Morocco, Libya disaster affects students’ families
Samuel Kozlowski & Matilda Harvey
Massive floods and earthquakes in northern Africa have sent shockwaves back to Oklahoma as Moroccan and Libyan students recall the moment they heard about the disasters.
Storm Daniel is the deadliest storm in Africa since 1900, with over 11,000 people dead, according to EM-DAT, the international disaster database. Despite the current death toll nearly quadrupling the previous most-deadly African storm, Algeria’s November 1927 floods, more than 10,000 people are still missing in Libya.
After a week, emergency response teams are still hard at work, digging for bodies under the rubble of cars, homes and businesses. The World Health Organization dropped off care packages Saturday, enough for about 250,000 people, but with hospitals and medical facilities completely destroyed, dehydration, hunger and water-borne diseases are affecting thousands of local residents.
Marwa Elgreghi is a sophomore at OU majoring in energy management and minoring in pre-law. She is from Tripoli, the capital city of Libya in the western part of the country. Her parents’ families are from Tripoli, with some extended family in the eastern city of Derna. Elgreghi has family friends who have been affected and even killed by the flooding.
“Libya is not built for natural disasters,” Elgreghi said, noting the government’s neglect of Derna’s dam system. The city of Derna was the most affected by Storm Daniel. Two dams, Abu Mansour and Derna, were built in the 1970s on Wadi Derna, the river that bisects Derna, to protect the city from flash floods. During the storm, these dams failed, rushing water into the city. In 2022, Abdelwanees A. R. Ashoor of Libya’s Omar Al-Mukhtar University wrote an academic paper on the dangers of the failing dam system in Derna. The description reads, “the results demonstrated that the study area has a high potential for flood risk. Therefore, dams of Wadi Derna basin [need] periodic maintenance.”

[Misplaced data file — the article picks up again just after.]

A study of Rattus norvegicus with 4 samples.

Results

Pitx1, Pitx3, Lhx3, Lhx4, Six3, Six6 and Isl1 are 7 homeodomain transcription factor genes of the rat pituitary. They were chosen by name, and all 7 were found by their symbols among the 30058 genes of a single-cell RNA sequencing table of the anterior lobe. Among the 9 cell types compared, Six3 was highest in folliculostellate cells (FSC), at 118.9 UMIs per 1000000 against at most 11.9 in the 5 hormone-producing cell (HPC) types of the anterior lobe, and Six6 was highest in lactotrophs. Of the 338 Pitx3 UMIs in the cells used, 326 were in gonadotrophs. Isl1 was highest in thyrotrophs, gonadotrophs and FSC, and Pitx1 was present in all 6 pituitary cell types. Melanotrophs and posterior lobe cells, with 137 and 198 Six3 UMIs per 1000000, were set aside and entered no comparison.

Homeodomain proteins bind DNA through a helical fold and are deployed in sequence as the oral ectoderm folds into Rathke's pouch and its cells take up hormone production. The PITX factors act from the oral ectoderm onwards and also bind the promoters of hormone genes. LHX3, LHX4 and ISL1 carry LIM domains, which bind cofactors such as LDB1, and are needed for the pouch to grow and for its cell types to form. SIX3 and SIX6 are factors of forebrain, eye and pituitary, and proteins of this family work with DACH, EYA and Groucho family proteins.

“Each building usually has a bunch of families in it. It’d be just like grandparents, uncles, aunts, cousins, you know, the moms and dads and all the kids. So, the lineage of a family was just swept away. They were all killed by that.” Multiple-century-old houses made from dried mud help regulate the scorching African heat, but their lack of reinforcement made the buildings susceptible to crumbling. Libyan state media said 891 buildings were completely destroyed by the flooding, with 211 buildings partially damaged and 398 buildings submerged in mud.
“We’ve been silenced since day one, since the war that happened in 2011,” Elgreghi said, expressing frustration at a lack of recognition for the people affected by this disaster. Libya experienced a civil war in 2011, something Elgreghi worries is the only piece of information people know about her home country.
Amid political instability continuing for over a decade in Libya, governments must now solve a brand-new problem, disaster relief. Eastern and western Libya have conflicted in recent years, making the recovery effort even harder for responders.
The Muslim Student Association of UCO in collaboration with the Arab Student Association is holding a bake sale on Tuesday, Sept. 19, and Thursday, Sept 21. The money raised will go to relief efforts in Morocco and Libya.
EDIT 9/21/23 at 12:26PM – The previous edition of this article misidentified Elgreghi as a UCO student.